Cutting a lower limb on an apple tree

This Gala apple is blooming for the first time this year and is now about 18' tall. It's a dwarf tree, about 18' x 18' full grown. The limbs are still fairly small. My husband's gloved hand is in the picture for size reference.
If we do cut it, how do we cut--- at a slant? How? And also, how close to the main trunk? I've heard of a salve or something you can put on the newly cut spot--is that necessary? If so, what do I use? Sorry, lots of questions... I appreciate your help.
THANK YOU!!
Julie
cutting a lower limb on an apple tree, gardening, Young 2 1 2 yrs Gala apple tree trunk Hand holding the limb to cut
Young (2-1/2 yrs) Gala apple tree trunk. Hand holding the limb to cut.
  11 answers
  • Amanda DeLoach Amanda DeLoach on Apr 18, 2014
    google pruning apple trees....sorry I am no help
  • Traci BlitzenBenish Traci BlitzenBenish on Apr 18, 2014
    Yes, it should be cut. When cutting, leave at least 1 inch from the trunk to the cut itself. If you do not leave enough, as the tree grows in diameter, it will leave an injury that will be susceptible to multiple pest and fungus problems. The fresh cut will form a scab but to prevent invasion from insects or other problems it is very helpful to apply a dressing.
  • Michelle Van Horn Michelle Van Horn on Apr 18, 2014
    cut it at a slant about 1/2 to inch from trunk then take a unscented candle and rub on the fresh cut it will seal out any pest and disease.
  • I agree with Traci because it does leave a wound where ever you cut then it will bleed sap. I use the tree wound stuff from local garden stores and the wrap to help protect it. I t still go through the wounding process but at least you tried to keep stuff out. Debbie
  • Douglas Hunt Douglas Hunt on Apr 19, 2014
    Pruning should always be done in the context of the whole tree, which we can't see, but it appears that that limb should go. Prune flush with the trunk, not leaving a stub. Current horticultural practice recommends against putting anything on a pruning cut. Make the cuts with a sharp lopper that has been dipped in a diluted bleach solution and then leave the cut exposed to air. I suggest you check out this link from the University of Arkansas: http://www.finney.ksu.edu/doc49245.ashx
    • See 1 previous
    • Douglas Hunt Douglas Hunt on Apr 19, 2014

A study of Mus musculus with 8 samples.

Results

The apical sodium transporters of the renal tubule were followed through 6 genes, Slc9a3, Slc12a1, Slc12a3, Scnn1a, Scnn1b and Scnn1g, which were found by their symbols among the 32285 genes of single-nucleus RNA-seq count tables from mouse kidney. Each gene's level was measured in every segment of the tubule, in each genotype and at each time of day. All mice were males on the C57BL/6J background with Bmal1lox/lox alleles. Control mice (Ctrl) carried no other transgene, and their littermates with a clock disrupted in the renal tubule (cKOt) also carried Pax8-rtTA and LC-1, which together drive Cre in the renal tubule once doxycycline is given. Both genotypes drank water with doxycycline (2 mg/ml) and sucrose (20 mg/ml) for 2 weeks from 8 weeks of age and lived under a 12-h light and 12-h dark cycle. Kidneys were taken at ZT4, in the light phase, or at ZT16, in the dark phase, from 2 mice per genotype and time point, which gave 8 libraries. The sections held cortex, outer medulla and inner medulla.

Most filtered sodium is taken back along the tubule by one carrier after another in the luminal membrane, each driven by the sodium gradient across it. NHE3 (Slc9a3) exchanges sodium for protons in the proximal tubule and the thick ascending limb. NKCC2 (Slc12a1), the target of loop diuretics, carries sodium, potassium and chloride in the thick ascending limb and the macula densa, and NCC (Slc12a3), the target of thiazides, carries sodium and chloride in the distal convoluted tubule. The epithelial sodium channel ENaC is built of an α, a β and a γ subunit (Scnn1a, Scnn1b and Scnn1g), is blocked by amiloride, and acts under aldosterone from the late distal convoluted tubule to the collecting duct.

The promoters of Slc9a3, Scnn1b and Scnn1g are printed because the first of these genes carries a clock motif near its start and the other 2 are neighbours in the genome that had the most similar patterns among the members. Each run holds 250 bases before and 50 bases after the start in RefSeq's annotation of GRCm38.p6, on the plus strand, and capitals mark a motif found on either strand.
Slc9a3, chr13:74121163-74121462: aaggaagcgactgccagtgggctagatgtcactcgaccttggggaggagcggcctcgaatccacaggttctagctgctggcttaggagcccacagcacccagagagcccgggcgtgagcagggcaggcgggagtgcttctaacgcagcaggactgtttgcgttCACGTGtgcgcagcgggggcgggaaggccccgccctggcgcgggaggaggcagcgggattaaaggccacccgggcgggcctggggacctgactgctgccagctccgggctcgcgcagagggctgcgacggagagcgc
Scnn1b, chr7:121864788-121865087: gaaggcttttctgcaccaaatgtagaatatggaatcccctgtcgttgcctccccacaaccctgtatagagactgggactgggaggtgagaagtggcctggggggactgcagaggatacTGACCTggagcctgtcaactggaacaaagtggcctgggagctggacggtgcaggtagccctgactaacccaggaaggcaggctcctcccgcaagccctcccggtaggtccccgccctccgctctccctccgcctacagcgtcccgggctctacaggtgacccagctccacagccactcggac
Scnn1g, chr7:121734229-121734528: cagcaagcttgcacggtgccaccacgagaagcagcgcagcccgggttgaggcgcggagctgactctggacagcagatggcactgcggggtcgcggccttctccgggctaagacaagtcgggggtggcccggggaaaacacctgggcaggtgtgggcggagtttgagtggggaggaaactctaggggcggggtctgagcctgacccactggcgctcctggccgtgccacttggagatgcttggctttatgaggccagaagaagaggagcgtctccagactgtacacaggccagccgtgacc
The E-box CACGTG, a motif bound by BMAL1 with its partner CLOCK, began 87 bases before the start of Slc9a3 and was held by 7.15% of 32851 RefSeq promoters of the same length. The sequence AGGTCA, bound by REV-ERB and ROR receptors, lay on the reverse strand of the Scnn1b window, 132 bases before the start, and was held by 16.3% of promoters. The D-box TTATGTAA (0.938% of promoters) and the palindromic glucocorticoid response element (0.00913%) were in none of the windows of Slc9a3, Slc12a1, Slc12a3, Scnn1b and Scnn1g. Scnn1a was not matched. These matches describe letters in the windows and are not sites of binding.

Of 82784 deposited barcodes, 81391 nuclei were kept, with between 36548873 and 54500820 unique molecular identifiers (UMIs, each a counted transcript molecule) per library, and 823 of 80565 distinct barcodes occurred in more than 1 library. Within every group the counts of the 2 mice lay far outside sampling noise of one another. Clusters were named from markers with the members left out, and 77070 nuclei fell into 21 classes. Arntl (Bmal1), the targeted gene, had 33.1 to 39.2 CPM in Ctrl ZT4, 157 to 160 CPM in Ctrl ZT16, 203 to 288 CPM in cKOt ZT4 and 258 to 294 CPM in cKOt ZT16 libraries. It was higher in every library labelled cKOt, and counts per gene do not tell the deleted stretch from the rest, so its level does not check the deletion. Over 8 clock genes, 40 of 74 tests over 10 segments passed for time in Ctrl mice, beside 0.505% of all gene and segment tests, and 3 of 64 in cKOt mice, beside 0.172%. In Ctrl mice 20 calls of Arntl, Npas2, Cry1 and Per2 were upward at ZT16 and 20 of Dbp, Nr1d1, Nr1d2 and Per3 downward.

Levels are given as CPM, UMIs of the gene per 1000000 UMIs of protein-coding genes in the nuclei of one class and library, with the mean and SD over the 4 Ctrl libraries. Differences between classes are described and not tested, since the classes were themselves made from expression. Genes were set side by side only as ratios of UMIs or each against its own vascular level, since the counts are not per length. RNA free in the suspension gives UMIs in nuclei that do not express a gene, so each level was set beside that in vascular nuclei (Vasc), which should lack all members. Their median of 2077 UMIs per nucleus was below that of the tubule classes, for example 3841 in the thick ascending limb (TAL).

@Traci BlitzenBenish I don't think it's new. If you look at these pruning guidelines from North Carolina State, it clearly says, "Pruning cuts should be flush with the adjacent branch without leaving stubs." http://www.ces.ncsu.edu/depts/hort/hil/ag29.html
  • When ever I can I always check out my trees and if I see new grow then I pinch it off before it gets to that point. So just take a daily stroll and check out your trees, then pinch when needed. It really help just walking and smiling at what you have done. Debbie
  • Jocelyne marchand Jocelyne marchand on Apr 20, 2014
    I live surrounded by orchards - cut it flush and leave it - it will heal on its own
  • Jocelyne marchand Jocelyne marchand on Apr 20, 2014
    this is pruning - what you are doing is removing a limb to shape the tree
  • As a licensed Arborist, and former owner of an apple orchard, I can tell you Douglas & Jocelyne are correct!
  • Julie Julie on Apr 21, 2014
    Thank you everyone, very helpful. I appreciate your comments!
  • Julie Julie on Apr 21, 2014
    Can we do this any time of year? I've heard early spring & fall are the "only" times to trim but is this true? This tree is starting to leaf out and the weather here has finally warmed up to 60s-80s (no more 30s-40s)... so is it too late? Your answers will be helpful because we have other trees we may work on too, Thanks!
    • Douglas Hunt Douglas Hunt on Apr 22, 2014
      @Julie Fruit trees should really be pruned when they are dormant. But cutting off that one branch is not going to seriously affect the tree and there is no point in having it send its energy there.